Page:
Pulpcon 33 was last week and weekend. It's a very interesting and fun convention, on the whole. If you love pulp heroes, noir art, mysteries, adventure, old fiction, and the smell of acidic paper committing suicide, you definitely ought to come. But it is not like most other cons.
First off, it's not held in a hotel but the Convention Center. Indeed, it centers on the dealer room, with secondary expeditions to the annual sales at Bonnett's (in the Oregon District), the Dragon's Lair (comic/bookshop two blocks in the other direction), and Bookery Fantasy (in Fairborn -- and check out this review). The problem is that, for me, this is rather like being a drug addict at a pharmaceutical convention. The only consolation is that the rest of the people are as bad as I am -- no, worse!
Second, there isn't much in the way of programming. There are guests, who had something to do with the pulp industry, and they make presentations. There is also a reader's theater radio play, various other presentations, and auctions. Lots of auctions. Auctions every night. Full of stuff that will caaaaaaaalllll to you. Honestly, it's a menace. OTOH, I never thought I'd own one Hannes Bok sketch, much less two. (I managed not to bid on any Bok this time, thank God...he was starting to invade my brain.) The bargains are hard to pass up, though. I wound up with a beautiful art book of b&w illustrations by Virgil Finlay called Phantasms which went for five bucks.
Third, the hospitality suite is only open when the con staff remember to open it up, which seems to be at some rather odd hours. Also, if you want drinks and munchies, you'd be well advised to bring some for everybody, as resupply can be haphazard. But hey, the conversations are definitely worth it!
No previous knowledge of pulps is required. Whatever you know, the other people here will know more -- but they will be more than willing to share information with you. It's a small, friendly fandom that is very welcoming.
The fandom is overwhelmingly male, btw -- even more so than Sherlockian fandom. Sherlockians are perhaps 3/5 to 3/4 male. Pulpcon had about ten women among about two hundred in attendance, but they weren't marginized in any way. I suppose most girls nowadays just don't run across much pulp stuff; and pulps historically had a lot of pictures on their covers of beautiful, scantily clad women being menaced by criminals, robots, aliens, and so forth. It's not surprising, then, that there's plenty of merchandise available which deals with this aspect. (Jokily, mostly.) There are also quite a few 'spicy' pulps. Don't be fooled by this; they're all pretty tame by today's standards. (One of the old pulp writers defined 'spicy' as stories in which the heroine loses her clothes, but nothing happens.)
Women had 'love pulps' instead -- with no clothes lost -- but guys used to read and write them, too, just as women read and wrote stories for the male-marketed adventure and mystery pulps. There were also Western love pulps like Ranch Romance, which tended to feature plucky girls who knew how to ride and shoot straight. (Well, at least until they hit the late sixties and turned into Gothic Western bimbo tales -- judging from the covers, anyway.) It's a really intriguing chapter of literary history that is almost unknown to today's romance fans and women's historians, and it shouldn't be. I long to write about it. The only problem is that...geez, it's so girly! But seriously, the stories aren't too bad. Maybe I can enlist Joy for further explication of the relevant tropes.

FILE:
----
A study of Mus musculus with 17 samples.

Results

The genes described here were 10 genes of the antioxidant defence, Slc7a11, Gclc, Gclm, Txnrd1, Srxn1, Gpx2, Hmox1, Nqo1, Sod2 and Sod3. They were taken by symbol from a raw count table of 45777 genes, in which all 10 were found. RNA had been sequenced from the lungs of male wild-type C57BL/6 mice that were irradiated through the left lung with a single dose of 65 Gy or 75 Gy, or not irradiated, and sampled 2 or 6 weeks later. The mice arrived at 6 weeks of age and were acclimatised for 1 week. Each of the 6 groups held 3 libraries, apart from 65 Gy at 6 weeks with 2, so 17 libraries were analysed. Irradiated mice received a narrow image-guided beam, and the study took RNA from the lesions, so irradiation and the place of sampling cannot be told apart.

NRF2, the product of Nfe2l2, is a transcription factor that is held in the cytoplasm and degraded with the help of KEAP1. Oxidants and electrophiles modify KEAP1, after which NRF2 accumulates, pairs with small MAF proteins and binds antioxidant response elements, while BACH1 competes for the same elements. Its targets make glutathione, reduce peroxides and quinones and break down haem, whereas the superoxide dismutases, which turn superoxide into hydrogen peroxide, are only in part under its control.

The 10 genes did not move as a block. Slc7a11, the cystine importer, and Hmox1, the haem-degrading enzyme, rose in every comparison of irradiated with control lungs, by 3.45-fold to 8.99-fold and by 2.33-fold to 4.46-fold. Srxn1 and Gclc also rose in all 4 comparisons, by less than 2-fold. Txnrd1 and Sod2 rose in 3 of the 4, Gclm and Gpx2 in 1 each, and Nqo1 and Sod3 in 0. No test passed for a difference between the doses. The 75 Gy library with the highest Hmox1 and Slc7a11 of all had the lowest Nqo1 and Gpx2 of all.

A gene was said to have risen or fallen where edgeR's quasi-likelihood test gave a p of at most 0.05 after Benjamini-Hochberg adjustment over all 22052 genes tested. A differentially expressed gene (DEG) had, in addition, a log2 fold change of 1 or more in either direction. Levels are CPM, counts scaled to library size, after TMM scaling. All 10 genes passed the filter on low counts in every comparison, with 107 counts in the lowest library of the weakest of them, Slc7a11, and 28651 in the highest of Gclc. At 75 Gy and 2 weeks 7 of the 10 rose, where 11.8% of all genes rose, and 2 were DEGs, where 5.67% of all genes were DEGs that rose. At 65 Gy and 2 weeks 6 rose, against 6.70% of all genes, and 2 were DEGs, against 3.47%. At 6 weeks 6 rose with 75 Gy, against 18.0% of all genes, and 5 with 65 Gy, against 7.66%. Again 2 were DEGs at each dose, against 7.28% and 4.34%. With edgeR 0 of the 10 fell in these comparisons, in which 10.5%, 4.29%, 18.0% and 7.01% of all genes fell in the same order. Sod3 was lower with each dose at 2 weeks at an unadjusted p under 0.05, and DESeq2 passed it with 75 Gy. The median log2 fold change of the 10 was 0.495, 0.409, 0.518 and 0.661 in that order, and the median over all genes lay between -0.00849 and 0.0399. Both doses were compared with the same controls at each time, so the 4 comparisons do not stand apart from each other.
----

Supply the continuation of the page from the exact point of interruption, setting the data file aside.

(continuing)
However, as a pulp novice, I admit that I tend to go shopping for what I can understand. SF I know (though I can't afford good copies of most sf pulps, alas). Books I know, too, and they're in ample supply at Pulpcon. So guess what I bought! A James Branch Cabell hardcover, mwhahaha! It's from some late non-fantasy trilogy about people living in St. Augustine, but hey, it's Cabell! Also, three hardcover kids' books by Manly Wade Wellman, an old DeCamp book about magic featuring the world's goofiest photo of Aleister Crowley, a compendium of H.P. Lovecraft non-fiction called To Quebec and the Stars, a collection of M.R. James' ghost stories, a couple of John Creasey paperbacks in The Toff series (and I know where to get more!), and some very cool John Dickson Carr paperbacks I've never run across before. The Bride of Newgate is a particularly good Regency mystery which reminds me of Heyer in more tortuous mood.
Black Plumes by Margery Allingham is a 1940 non-Campion mystery which is just as satisfying or more than her series mysteries. The advantage of non-series mysteries is that you get a wider field of potential detectives, victims, and suspects; and Allingham takes full advantage of this with her household visited by love, murder, guilt, and fear. Also, The Allingham Minibus is a really satisfying collection of short stories by Margery Allingham, including a few Campion stories I've never come across. But the rest of the book is the showpiece, frankly. Her ghost stories are genuinely spooky stuff, and her generic fiction is good, too. I was particularly struck by "The Pioneers", a story in which two people whose marriage is breaking up are visited by two newlyweds inspired to marriage by them. (Nothing topical there.)
Anyway, I had a really great time. I'd like to thank Ray Skirsky and John DeWalt, who once again let me hang out with them. Also, it was very cool to get time to talk with John Pelan of Darkside Press. He really does want to hear what you think about his books!
The personable and knowledgeable Howard DeVore wasn't there this year for health reasons (sigh), but you can read his 2003 report.